Efflux-mediated resistance identified among norfloxacin resistant clinical strains of group B Streptococcus from South Korea
Trang Nguyen Doan Dang, Usha Srinivasan, Zachary Britt, Carl F. Marrs, Lixin Zhang, Moran Ki, Betsy Foxman
Epidemiol Health. 2014;36:e2014022.   Published online October 11, 2014
  • 6 Citations
AbstractAbstract PDF
Group B Streptococcus (GBS), a common bowel commensal, is a major cause of neonatal sepsis and an emerging cause of infection in immune-compromised adult populations. Fluoroquinolones are used to treat GBS infections in those allergic to beta-lactams, but GBS are increasingly resistant to fluoroquinolones. Fluoroquinolone resistance has been previously attributed to quinolone resistance determining regions (QRDRs) mutations. We demonstrate that some of fluoroquinolone resistance is due to efflux-mediated resistance.
We tested 20 GBS strains resistant only to norfloxacin with no mutations in the QRDRs, for the efflux phenotype using norfloxacin and ethidium bromide as substrates in the presence of the efflux inhibitor reserpine. Also tested were 68 GBS strains resistant only to norfloxacin not screened for QRDRs, and 58 GBS strains resistant to ciprofloxacin, levofloxacin or moxifloxacin. Isolates were randomly selected from 221 pregnant women (35-37 weeks of gestation) asymptomatically carrying GBS, and 838 patients with GBS infection identified in South Korea between 2006 and 2008. The VITEK II automatic system (Biomerieux, Durham, NC, USA) was used to determine fluoroquinolone resistance.
The reserpine associated efflux phenotype was found in more than half of GBS strains resistant only to norfloxacin with no QRDR mutations, and half where QRDR mutations were unknown. No evidence of the efflux phenotype was detected in GBS strains that were resistant to moxifloxacin or levofloxacin or both. The reserpine sensitive efflux phenotype resulted in moderate increases in norfloxacin minimum inhibitory concentration (average=3.6 fold, range=>1-16 fold).
A substantial portion of GBS strains resistant to norfloxacin have an efflux phenotype.
    Alefiya Neemuchwala, Sarah Teatero, Samir N. Patel, Nahuel Fittipaldi
    Canadian Journal of Infectious Diseases and Medical Microbiology.2016; 2016: 1.     CrossRef
  • Molecular Analysis of Rising Fluoroquinolone Resistance in Belgian Non-Invasive Streptococcus pneumoniae Isolates (1995-2014)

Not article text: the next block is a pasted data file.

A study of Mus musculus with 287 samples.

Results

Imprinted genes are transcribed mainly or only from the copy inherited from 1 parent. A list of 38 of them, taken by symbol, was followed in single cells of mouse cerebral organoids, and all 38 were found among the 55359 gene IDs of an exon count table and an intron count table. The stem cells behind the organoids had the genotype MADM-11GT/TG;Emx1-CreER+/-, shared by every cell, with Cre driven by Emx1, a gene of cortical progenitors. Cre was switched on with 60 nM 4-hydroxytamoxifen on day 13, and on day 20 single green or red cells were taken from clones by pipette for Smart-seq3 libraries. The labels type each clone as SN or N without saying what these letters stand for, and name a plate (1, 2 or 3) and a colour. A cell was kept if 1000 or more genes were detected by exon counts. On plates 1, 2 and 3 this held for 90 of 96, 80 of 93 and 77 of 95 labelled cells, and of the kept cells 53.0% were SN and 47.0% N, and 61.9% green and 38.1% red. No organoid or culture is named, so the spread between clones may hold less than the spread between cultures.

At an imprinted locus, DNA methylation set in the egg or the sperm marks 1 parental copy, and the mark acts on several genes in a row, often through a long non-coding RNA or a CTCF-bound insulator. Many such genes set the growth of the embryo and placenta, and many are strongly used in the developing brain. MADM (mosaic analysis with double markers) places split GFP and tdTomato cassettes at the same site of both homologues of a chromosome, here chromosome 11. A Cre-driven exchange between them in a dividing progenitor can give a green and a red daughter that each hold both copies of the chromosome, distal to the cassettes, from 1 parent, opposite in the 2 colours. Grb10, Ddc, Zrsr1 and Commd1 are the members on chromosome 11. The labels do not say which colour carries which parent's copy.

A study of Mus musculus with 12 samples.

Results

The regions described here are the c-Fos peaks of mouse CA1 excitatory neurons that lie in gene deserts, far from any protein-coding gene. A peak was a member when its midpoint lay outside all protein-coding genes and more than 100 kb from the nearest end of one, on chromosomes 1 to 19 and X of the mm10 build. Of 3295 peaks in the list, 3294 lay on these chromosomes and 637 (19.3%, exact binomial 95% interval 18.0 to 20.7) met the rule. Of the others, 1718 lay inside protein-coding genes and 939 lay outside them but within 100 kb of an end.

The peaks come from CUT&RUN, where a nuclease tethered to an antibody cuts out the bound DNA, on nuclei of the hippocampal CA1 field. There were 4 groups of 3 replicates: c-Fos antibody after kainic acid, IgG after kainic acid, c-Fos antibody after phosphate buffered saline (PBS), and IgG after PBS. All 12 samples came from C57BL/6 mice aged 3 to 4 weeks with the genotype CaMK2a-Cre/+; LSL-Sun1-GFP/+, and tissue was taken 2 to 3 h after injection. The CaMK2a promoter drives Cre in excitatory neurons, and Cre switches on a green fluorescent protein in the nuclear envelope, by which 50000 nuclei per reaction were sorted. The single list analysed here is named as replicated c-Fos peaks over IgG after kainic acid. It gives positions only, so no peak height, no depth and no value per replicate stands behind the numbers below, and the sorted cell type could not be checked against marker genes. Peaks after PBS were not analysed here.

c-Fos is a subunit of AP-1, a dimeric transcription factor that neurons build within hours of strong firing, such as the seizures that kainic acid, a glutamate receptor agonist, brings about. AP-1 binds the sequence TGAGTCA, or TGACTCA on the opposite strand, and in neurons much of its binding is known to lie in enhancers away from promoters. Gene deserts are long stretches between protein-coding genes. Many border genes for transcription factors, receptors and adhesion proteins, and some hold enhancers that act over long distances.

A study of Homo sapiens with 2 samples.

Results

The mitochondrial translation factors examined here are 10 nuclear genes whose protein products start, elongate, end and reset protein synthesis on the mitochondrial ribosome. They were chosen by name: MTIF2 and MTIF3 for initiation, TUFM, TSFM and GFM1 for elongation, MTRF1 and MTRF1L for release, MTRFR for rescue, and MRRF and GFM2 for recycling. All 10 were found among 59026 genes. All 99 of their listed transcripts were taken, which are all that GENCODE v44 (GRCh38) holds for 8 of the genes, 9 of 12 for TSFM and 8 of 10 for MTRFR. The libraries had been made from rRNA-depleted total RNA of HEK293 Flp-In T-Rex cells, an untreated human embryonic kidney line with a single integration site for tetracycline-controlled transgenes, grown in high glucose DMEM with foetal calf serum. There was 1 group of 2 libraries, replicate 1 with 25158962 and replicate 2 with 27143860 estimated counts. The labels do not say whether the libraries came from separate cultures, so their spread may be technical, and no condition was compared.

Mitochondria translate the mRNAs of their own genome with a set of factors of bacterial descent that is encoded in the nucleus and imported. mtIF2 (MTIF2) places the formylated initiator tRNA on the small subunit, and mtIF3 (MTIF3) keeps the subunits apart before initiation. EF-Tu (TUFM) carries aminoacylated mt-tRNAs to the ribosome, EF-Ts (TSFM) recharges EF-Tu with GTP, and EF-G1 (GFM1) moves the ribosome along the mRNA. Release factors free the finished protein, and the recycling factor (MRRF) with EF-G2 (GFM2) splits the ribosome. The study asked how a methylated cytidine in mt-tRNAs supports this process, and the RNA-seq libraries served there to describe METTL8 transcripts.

Pieter-Jan Ceyssens, Françoise Van Bambeke, Wesley Mattheus, Sophie Bertrand, Frédéric Fux, Eddie Van Bossuyt, Sabrina Damée, Henry-Jean Nyssen, Stéphane De Craeye, Jan Verhaegen, Paul M. Tulkens, Raymond Vanhoof, Eliane Namie Miyaji
    PLOS ONE.2016; 11(5): e0154816.     CrossRef
Risk Factors for Group B Streptococcus Colonization Among Pregnant Women in Korea
Eun Ju Kim, Kwan Young Oh, Moon Young Kim, Yong Soo Seo, Jung-Hwan Shin, Young Rae Song, Jae-Hyug Yang, Betsy Foxman, Moran Ki
Epidemiol Health. 2011;33:e2011010.   Published online November 11, 2011
  • 13,107 View
  • 122 Download
  • 18 Citations
AbstractAbstract PDF

To identify obstetric and maternal factors related to Group B Streptococcus (GBS) colonization in pregnant women in Korea.


The study was conducted between the years 2006-2008 in four hospitals, Cheil and Eulji hospital in Seoul, and Motae and Eulji hospital in Daejeon. We recruited 2,644 pregnant women between 35 to 37 weeks of gestation who had visited for antenatal care. Participants completed a questionnaire, and urine, vaginal and rectal specimens were obtained and cultured using selective broth media. After delivery, medical records were reviewed.


GBS colonization was significantly associated with hospital, age group, education, frequency of pregnancy, and premature rupture of membranes (PROM, more than 18 hours). After adjustment for other variables, Cheil hospital (odds ratio [OR], 2.05; 95% confidence interval [CI], 1.20-3.52), and the first pregnancy (OR, 2.32; 95% CI, 1.12-4.81) remained significant. History of vaginitis showed marginal significance (OR, 1.50; 95% CI, 0.98-2.29).


To prevent GBS infection of neonates, clinicians should be alert to the potentially higher risk of GBS colonization in pregnant women in their first pregnancy, and women with premature rupture of membranes (PROM) (18 hours+) or who have a history of vaginitis.